The Breakfast of Champions: Teaching Audience Analysis Using Cereal Boxes

By Jill Gibson
Instructor, Speech and Mass Communication
Amarillo College


Just as breakfast is often considered the most important meal of the day, audience analysis is one of the most important parts of speech preparation. Unfortunately, much like breakfast, conducting audience analysis is a step that students often skip. As Michael and Suzanne Osborn note, "The more you know about your audience and speaking situation, the more effective your speech will be," (2006, p. 105). This activity reminds students of the importance of conducting audience analysis—and eating a good breakfast too.

The exercise allows students to practice analyzing and relating to different audiences by profiling the potential purchasers of various cereal boxes. It highlights the importance of audience analysis while providing practice in working in groups, thinking critically and presenting ideas aloud. Finally, the activity engages students and creates a lively classroom atmosphere while reinforcing important concepts through active learning.

Learning Objectives

  • To reinforce students’ understanding of demographic audience characteristics
  • To demonstrate the process of investigating audience members’ traits and characteristics.
  • To illustrate how information regarding audience members’ backgrounds and characteristics is used to develop speech topics that are specifically tailored to those listeners’ interests and needs.

Preparation for the Project

This activity should follow a brief lecture or reading assignment regarding audience analysis. Concepts to teach prior to the activity include: becoming an audience-centered speaker, demographic audience analysis, psychological audience analysis and situational audience analysis (Lucas, 2007; Beebe & Beebe, 2003).

Before the class, purchase five or six boxes of cereal and empty out the boxes. Each box should reflect a specific target market. For example, the selection might include a sugary children’s cereal (preferably that promises a free toy); an organic, “health-nut” cereal; a cereal geared toward women (Quaker Nutrition for Women or Special K), a high-protein cereal, a bargain “bag” cereal, a low-sugar, healthy alternative children’s cereal, etc.

The time needed for this project is approximately 20 minutes.

The Project

Divide the class into groups of four or five depending upon class size and give each group a box of cereal. Instruct the students to conduct a demographic audience analysis of the type of person they believe would purchase that specific cereal. Students should use the cereal boxes as clues to reveal typical purchasers’ age range, gender, economic background, social status, group membership, etc. Students should then use the boxes to analyze possible interests and personality traits of the cereal purchasers. Encourage the students to be creative and imaginative, but explain that they must be able to explain the evidence that led them to make certain conclusions regarding the purchasers.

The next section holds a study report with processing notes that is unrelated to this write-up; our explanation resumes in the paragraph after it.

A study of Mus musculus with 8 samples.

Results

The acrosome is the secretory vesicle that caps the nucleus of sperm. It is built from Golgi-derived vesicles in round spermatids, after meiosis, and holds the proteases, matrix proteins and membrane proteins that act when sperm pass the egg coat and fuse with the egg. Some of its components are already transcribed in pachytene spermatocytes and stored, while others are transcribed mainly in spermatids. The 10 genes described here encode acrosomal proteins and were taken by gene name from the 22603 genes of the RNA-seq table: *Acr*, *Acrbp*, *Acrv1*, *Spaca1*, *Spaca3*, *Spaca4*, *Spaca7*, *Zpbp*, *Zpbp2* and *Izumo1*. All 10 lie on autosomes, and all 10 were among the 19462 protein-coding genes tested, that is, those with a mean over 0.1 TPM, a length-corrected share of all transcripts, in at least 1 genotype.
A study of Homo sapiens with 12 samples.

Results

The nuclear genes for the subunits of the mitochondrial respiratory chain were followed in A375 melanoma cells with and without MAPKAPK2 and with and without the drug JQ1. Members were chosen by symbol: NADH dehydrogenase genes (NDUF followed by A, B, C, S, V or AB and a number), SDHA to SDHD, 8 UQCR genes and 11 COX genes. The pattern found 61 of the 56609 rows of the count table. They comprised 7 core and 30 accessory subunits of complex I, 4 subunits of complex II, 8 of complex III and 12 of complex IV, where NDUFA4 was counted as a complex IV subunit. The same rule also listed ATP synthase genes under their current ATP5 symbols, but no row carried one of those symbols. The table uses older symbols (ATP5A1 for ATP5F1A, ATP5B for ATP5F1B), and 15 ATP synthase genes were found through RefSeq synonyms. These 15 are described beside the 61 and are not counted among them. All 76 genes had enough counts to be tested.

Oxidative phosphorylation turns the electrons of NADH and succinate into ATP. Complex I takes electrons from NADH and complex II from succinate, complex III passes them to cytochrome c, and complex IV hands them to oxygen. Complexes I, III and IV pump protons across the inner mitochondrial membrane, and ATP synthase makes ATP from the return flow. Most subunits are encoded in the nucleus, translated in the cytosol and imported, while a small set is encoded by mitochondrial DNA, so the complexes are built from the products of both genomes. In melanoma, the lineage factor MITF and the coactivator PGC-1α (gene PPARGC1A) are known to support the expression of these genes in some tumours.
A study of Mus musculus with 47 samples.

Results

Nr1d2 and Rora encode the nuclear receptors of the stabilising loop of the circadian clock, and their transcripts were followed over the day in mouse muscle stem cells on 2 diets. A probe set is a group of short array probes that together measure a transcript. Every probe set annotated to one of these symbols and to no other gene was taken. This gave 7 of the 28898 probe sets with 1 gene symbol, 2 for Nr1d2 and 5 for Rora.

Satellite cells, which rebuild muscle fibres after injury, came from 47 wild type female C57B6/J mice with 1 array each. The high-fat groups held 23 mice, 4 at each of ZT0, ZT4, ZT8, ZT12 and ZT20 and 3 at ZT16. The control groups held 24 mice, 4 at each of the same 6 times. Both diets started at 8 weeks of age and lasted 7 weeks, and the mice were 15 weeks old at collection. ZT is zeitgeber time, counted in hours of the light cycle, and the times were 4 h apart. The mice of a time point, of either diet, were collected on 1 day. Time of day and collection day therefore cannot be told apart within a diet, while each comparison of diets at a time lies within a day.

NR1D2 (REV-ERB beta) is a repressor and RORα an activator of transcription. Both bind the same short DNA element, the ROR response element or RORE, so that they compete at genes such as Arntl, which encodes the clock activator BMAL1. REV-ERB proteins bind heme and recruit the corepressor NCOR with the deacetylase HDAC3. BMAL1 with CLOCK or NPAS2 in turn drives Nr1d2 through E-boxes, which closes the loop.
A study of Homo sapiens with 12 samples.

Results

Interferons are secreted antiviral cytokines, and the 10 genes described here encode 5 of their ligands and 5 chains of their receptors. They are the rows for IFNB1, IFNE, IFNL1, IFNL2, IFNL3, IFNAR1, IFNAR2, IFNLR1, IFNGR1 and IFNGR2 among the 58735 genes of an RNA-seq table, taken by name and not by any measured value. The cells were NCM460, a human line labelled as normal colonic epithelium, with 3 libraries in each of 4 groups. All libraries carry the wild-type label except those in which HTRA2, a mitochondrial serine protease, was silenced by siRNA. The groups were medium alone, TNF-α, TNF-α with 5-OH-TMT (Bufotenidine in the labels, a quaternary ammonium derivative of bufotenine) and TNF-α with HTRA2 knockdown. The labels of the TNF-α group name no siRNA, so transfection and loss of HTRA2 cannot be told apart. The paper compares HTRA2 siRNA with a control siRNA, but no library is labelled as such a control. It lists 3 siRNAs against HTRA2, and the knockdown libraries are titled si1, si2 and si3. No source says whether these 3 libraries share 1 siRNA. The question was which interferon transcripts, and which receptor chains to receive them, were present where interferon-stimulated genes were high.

Next, instruct the students to use the purchaser profile they have created to brainstorm speech topics that would appeal to those particular purchasers. Students should come up with at least two potential topics.

Each group will then present its findings aloud to the class by (1.) describing the cereal box, (2.) explaining the audience profile they have generated and (3.) revealing the two potential speech topics. To take the exercise one step further, ask groups to chose one of the two topics and develop a specific purpose statement and central idea for that topic.


Discuss each group’s presentation as a class. Ask students to reflect upon whether each group has created an accurate audience profile. Discuss whether the speech topics each group has developed would capture those listeners’ attention. Use this discussion to reinforce the concept that listeners are egocentric and are interested in speech topics that relate to their needs and their lives. Explain that, as Koch points out in Speaking with a Purpose, “No matter how good a speech looks on paper or how well it is delivered, its success or failure must always be measured in terms of audience response,” (2007, p. 24).

After all the groups have presented, discuss what the activity reveals about the role of audience analysis in public speaking. Ask students to explain how they will use what they have learned from this activity to improve their classroom speeches. Give students the opportunity to reflect on the benefits of conducting audience analysis. Just like a healthy breakfast—it’s grrrreat!


Beebe, S. & Beebe, S. (2003). Public speaking an audience-centered approach (5th ed). Boston: Allyn & Bacon.

Koch, A. (2007). Speaking with a purpose (7th ed). Boston: Allyn & Bacon.

Lucas, S. (2007). The art of public speaking (9th ed). New York: McGraw Hill.

Osborn, M. & Osborn, S. (2006). Public speaking (7th ed). Boston: Houghton Mifflin Co.

This teaching tip evolved from suggestions from a colleague who credits her inspiration to a speech conference GIFTS session.

--Jill Gibson in an instructor in the departments of Speech and Mass Communication at Amarillo College.